I DROPPED off my daughter, Ava, at Gatwick airport last week at 5am. She’s going travelling with two friends for four months – India, Thailand, Vietnam, Cambodia, Bali, etc. She’s 19-years-old. They are all off on a jolly before university in September.

Meanwhile, I’m currently staying at a friend’s little cottage in Colmenar, in the mountains above Malaga. The last time I was here was 13-years-ago with my family. Ava was just six-years-old. It was Christmas time and I have a wonderful memory and image of her painting flowers in a sketchbook on the doorstep in the sunshine, looking out across the Sierra Nevada to the east,

In the time in between, I guess she must have grown up, but I struggle to put a day or date when that happened. I hugged her and waved her off through departures, rucksack piled high on her back, she’s 5’4” and still looked about 12. In my head 19, in my heart my baby girl.

They say it’s tough growing up these days – clearly not very tough for Ava as she jets off to Goa and the sunshine. But sometimes I think it’s not the children who struggle, it’s the parents. As the accumulating years of their children are heaped upon them like a heavy rucksack full of memories, which they will carry gladly for the rest of their lives.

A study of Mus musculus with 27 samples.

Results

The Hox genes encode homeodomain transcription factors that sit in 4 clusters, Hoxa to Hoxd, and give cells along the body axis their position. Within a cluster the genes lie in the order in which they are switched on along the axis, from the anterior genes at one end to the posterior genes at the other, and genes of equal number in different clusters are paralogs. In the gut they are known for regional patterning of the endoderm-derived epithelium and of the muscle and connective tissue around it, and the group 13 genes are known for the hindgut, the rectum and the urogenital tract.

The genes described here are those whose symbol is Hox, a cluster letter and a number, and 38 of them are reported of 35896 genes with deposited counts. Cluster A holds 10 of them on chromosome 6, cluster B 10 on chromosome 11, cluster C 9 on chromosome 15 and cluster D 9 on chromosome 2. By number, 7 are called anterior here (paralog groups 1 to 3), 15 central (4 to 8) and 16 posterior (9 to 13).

On this visit to Spain I left my family behind. I’m here on my own to enjoy the gastronomy and the companionship of old friends. Yet in a quiet moment of solitude, in a sanctuary of olive trees, almond blossom, eucalyptus, iris, the hot sun and the snow painted mountains beyond, I’m contemplating the riches they have bestowed upon me. Children become adults but share their youth with us along the way.

Just for a moment there’s space to unpack the rucksack, pull out a few memories and give thanks for their gifts.

I thought I was only here for the food, how wrong can you be?